Oregon Wine Country / About Wine, Food, and and Wine Country Living


Quick Guide: May through August in Oregon

Depending on what region you're visiting—the hot south or the more temperate north—summer can be either dry and hot, or more humid and hot. But either way, you'll likely be plenty warm, so pack for the weather.
In the northern most Willamette Valley, rain is still a very real possibility through the summer, so you'll also want to consider something rain-proof, even if you don't end up needing it. It's best to be prepared, however.

Current Portland Weather

What to pack
Layers are always a solid choice for any Oregon trip. Mornings and evenings tend to be cool, even in the more desert-like south, and sweaters and jackets are a good idea. During the day, wear loose-fitting, casual clothing. There's no need for dressing up, or heels. Remember that you'll be visiting mostly rural, agricultural areas that are sometimes accessible only by dirt or gravel roads, and doing a fair amount of walking to and from the vineyards and tasting rooms sometimes. Wear comfortable shoes, and a variety of clothing, like a short sleeve shirt, linen pants or khakis (shorts are fine, but you'll feel most comfortable in longer, non-cut-off versions), and bring along a jacket if things cool off.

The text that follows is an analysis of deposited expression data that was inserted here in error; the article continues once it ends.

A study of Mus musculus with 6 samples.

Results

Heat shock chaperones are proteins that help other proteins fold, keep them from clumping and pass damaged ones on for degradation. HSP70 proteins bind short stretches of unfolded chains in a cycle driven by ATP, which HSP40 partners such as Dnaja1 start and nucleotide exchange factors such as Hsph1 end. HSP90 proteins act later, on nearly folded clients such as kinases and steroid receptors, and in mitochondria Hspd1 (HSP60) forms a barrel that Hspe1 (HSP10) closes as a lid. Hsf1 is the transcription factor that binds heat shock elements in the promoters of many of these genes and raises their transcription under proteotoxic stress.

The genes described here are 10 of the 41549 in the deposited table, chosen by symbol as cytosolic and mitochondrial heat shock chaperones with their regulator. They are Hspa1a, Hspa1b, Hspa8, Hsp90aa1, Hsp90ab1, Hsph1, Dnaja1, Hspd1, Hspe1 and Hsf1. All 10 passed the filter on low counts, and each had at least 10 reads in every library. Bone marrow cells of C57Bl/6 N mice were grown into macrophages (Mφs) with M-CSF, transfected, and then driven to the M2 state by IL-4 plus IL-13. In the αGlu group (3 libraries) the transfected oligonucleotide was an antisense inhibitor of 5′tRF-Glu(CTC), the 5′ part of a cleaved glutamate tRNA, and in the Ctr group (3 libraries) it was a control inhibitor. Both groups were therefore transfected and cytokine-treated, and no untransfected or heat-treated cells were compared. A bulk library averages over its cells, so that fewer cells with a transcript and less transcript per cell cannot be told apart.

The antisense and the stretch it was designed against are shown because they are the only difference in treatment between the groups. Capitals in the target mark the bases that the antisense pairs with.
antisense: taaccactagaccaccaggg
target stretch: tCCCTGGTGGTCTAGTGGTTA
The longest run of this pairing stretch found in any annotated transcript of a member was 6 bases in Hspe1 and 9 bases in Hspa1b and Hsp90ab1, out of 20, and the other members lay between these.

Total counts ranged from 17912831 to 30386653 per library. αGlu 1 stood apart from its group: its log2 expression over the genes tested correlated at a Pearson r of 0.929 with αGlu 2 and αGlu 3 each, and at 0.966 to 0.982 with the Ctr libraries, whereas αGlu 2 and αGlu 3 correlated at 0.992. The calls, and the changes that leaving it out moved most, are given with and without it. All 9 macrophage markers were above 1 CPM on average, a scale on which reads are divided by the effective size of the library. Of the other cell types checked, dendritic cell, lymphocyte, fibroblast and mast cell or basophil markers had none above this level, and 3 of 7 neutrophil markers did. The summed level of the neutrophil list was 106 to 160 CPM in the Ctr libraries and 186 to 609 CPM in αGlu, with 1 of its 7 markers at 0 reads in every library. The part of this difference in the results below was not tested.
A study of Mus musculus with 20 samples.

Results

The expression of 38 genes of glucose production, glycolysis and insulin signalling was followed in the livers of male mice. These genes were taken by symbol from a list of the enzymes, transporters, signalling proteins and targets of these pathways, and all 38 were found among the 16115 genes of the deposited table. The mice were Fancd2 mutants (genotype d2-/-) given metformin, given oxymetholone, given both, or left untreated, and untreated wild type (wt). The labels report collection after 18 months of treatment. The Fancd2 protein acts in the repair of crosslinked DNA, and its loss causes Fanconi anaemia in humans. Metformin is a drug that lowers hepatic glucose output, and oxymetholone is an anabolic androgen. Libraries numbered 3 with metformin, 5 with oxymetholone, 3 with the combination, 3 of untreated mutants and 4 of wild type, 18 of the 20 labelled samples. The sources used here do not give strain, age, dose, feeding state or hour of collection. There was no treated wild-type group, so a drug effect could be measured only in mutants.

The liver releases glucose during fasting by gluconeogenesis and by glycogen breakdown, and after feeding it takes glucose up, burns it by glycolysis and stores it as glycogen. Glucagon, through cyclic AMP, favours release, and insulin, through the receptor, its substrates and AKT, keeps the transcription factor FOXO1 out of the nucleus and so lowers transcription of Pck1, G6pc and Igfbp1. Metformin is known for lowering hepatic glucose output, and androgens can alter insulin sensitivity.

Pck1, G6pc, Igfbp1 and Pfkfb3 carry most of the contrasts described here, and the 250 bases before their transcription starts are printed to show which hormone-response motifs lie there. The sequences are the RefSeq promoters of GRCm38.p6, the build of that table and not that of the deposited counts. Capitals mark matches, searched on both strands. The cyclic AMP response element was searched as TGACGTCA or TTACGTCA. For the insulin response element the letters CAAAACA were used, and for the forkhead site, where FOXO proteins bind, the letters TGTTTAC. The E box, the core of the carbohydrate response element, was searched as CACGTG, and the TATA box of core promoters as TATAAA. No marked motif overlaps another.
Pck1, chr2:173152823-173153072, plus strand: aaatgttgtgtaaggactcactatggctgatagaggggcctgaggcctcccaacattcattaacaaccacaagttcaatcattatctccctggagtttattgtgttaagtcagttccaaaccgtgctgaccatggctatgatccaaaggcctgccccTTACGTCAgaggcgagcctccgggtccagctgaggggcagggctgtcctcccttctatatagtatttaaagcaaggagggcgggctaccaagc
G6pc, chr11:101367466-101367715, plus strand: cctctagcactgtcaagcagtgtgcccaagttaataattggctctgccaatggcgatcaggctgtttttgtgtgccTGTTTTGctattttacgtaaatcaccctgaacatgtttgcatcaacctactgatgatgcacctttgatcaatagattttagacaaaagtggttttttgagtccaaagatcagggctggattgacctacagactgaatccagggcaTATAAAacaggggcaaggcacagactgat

Dining Style
As in most of the West Coast, there's rarely an occasion you'll need a tie or sport jacket. Even the most sophisticated restaurants usually welcome diners dressed in pretty much anything appropriate for a casual office environment: slacks and a sweater, a comfortable skirt, pants, whatever—though for really upscale dining its best to avoid jeans if possible.

The People You'll Meet
The folks in Oregon are some of the friendliest, most welcoming in Wine Country. Despite the popularity of Pinot Noir from this region (and its prices!) most folks at the wineries are eager for tourists and will go out of their way to accommodate new comers. Ask around for great dining tips, an offbeat attraction or which other wineries in the region you should visit. You'll likely get a knowledgeable, friendly answer. Like other emerging wine regions, members of the winemaker's family, or the winemaker themselves, may be pouring for you. Be sure to ask plenty of questions. Most other tasters visiting in Oregon's wine regions are still learning about wine themselves (unlike some other wine regions) and are eager to find out more about their favorite pours.

Typical temperatures
Mornings and evenings can be cool, but daytime temperatures can range anywhere from the high 70's all the way to the 100's. Inland areas tend to be hotter and drier, as are regions further south. Humidity can be a factor in the northern most regions, as well as along the coast.